The Abolition of Slavery

Bicentenary of Britain's 1807 Anti-Slavery Law

Throughout 2007, there are many commemorations of Britain's 1807 law which outlawed the transatlantic slave trade. However, Canada's vital role as a safe haven for escaped slaves is now less well known:

Portrait of General Simcoe

General Simcoe's and Canada's Role.

In 1793 and after much difficult negotiation, General Simcoe, a former owner of Hemyock Castle, then Lt. Governor of Upper Canada (Ontario) successfully introduced a law to end slavery in that province:

No more slaves could be brought into the province; Adult slaves could continue, but their children would become "free" at the age of 25 years and their children would be "born free."

This pioneering legislation, benefited not only Canadian slaves but also the escaped slaves from elsewhere: Canada became the destination of the "Underground Railroad," a network of brave sympathetic people — the "Conductors" — together with their transport, "safe houses" and refuges — the "Stations." This extensive network helped slaves who escaped from captivity in the southern United States of America to reach freedom in Canada.

This early abolition of slavery in Canada is believed to have saved the lives of more than 40,000 ex-slaves. A noble legacy of General Simcoe.


Much has been written about slavery, past and present; it's hard for us to understand why it could ever have been considered acceptable.

Without in any way condoning the practice, or its continuation into modern times, it's helpful to note the context:

In a desire to develop and populate Canada during the 18th century, people (ie. Men!) who emigrated from Britain to Canada could apply for a grant of land, which they would then farm.

Inevitably, this led to a severe labour shortage: Almost everyone was entitled to their own land, so very few people were available to work on other people's farms.

Horrific as it now seems, one solution was to "import" labourers who had no right to their own land: ie. Slaves.

There was resistance to abolishing this practice. General Simcoe negotiated its gradual phasing-out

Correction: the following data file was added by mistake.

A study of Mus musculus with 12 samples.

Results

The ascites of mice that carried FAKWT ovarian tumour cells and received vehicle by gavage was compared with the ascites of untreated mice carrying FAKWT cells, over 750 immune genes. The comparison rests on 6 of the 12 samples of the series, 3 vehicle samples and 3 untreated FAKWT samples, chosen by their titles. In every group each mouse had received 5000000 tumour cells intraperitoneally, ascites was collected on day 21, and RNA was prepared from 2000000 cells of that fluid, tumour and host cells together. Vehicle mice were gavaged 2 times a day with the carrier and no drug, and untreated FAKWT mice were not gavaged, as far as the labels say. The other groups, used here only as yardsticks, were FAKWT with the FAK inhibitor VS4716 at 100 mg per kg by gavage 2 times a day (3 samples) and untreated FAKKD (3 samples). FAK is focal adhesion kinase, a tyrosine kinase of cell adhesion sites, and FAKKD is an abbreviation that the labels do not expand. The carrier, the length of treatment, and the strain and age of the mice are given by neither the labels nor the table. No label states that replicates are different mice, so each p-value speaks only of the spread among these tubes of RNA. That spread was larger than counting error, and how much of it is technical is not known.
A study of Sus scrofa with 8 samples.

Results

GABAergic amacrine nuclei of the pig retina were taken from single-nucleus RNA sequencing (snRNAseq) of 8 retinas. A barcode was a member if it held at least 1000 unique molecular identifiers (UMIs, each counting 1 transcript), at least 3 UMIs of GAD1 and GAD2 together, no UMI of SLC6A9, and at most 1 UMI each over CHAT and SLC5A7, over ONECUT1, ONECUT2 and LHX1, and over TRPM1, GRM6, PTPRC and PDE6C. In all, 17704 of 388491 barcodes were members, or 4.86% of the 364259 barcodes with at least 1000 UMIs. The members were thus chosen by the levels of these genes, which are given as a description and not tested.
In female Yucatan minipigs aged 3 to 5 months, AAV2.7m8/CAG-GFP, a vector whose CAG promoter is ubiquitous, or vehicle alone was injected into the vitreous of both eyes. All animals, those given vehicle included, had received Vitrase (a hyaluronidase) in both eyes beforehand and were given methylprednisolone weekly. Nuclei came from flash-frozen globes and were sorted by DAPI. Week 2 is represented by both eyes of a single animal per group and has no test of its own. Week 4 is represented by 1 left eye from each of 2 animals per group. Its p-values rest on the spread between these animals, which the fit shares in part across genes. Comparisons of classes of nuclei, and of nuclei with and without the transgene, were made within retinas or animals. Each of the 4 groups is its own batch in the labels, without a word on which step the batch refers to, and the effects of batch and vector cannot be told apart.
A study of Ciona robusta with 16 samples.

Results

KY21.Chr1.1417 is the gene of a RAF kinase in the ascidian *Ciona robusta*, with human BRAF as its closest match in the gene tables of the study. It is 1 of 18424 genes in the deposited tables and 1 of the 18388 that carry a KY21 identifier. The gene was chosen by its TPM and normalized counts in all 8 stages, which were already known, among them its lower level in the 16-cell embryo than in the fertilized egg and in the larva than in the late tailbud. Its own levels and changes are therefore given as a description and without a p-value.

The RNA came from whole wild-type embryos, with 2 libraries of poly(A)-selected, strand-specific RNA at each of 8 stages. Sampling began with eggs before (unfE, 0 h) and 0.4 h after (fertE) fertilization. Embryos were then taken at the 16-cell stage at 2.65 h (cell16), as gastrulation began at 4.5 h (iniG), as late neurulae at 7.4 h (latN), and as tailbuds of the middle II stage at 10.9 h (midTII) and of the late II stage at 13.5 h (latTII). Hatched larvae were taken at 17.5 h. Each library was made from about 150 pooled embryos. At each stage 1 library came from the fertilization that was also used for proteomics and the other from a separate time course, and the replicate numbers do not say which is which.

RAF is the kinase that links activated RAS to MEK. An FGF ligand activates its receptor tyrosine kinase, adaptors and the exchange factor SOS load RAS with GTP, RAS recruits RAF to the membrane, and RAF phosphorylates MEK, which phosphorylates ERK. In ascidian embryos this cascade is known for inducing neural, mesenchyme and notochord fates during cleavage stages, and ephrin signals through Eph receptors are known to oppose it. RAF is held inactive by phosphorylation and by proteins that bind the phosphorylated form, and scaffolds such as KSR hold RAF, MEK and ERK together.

At that time there were many practices which we now regard as abhorrent. Many ordinary people in Britain lived very hard lives, in terrible conditions.

For example, during times of tension, men were subject to enforced military service: Including the infamous "Press Gangs" which effectively abducted men, forcing them to serve in the Royal Navy in harsh conditions and under brutal discipline.

Looking further back, men (also women and children) were regularly captured and enslaved by gangs and war parties. At one time, Slavonic people (ie. Slavs) were highly prized in the Middle East, so were captured and traded across Europe and the Orient: Hence the word "Slave"!

For 300 years, between about 1530 and 1830, Barbary Pirates from North Africa were a menace to seafarers and coastal settlements, particularly around the English West Country. Many tens of thousands of (non-Muslim) men, women and children were taken captive to be sold into slavery and / or held for ransom. By some estimates, well over a million European people were enslaved. Non-Muslim captives were valuable because their Muslim "owners" were forbidden from enslaving Muslim people.

Some "Serfs" of Feudal times were slaves.

Most other parts of the world have similar traditions.

Thankfully, slavery and many other unacceptable practices have now been outlawed. Sadly, they have not yet completely stopped everywhere.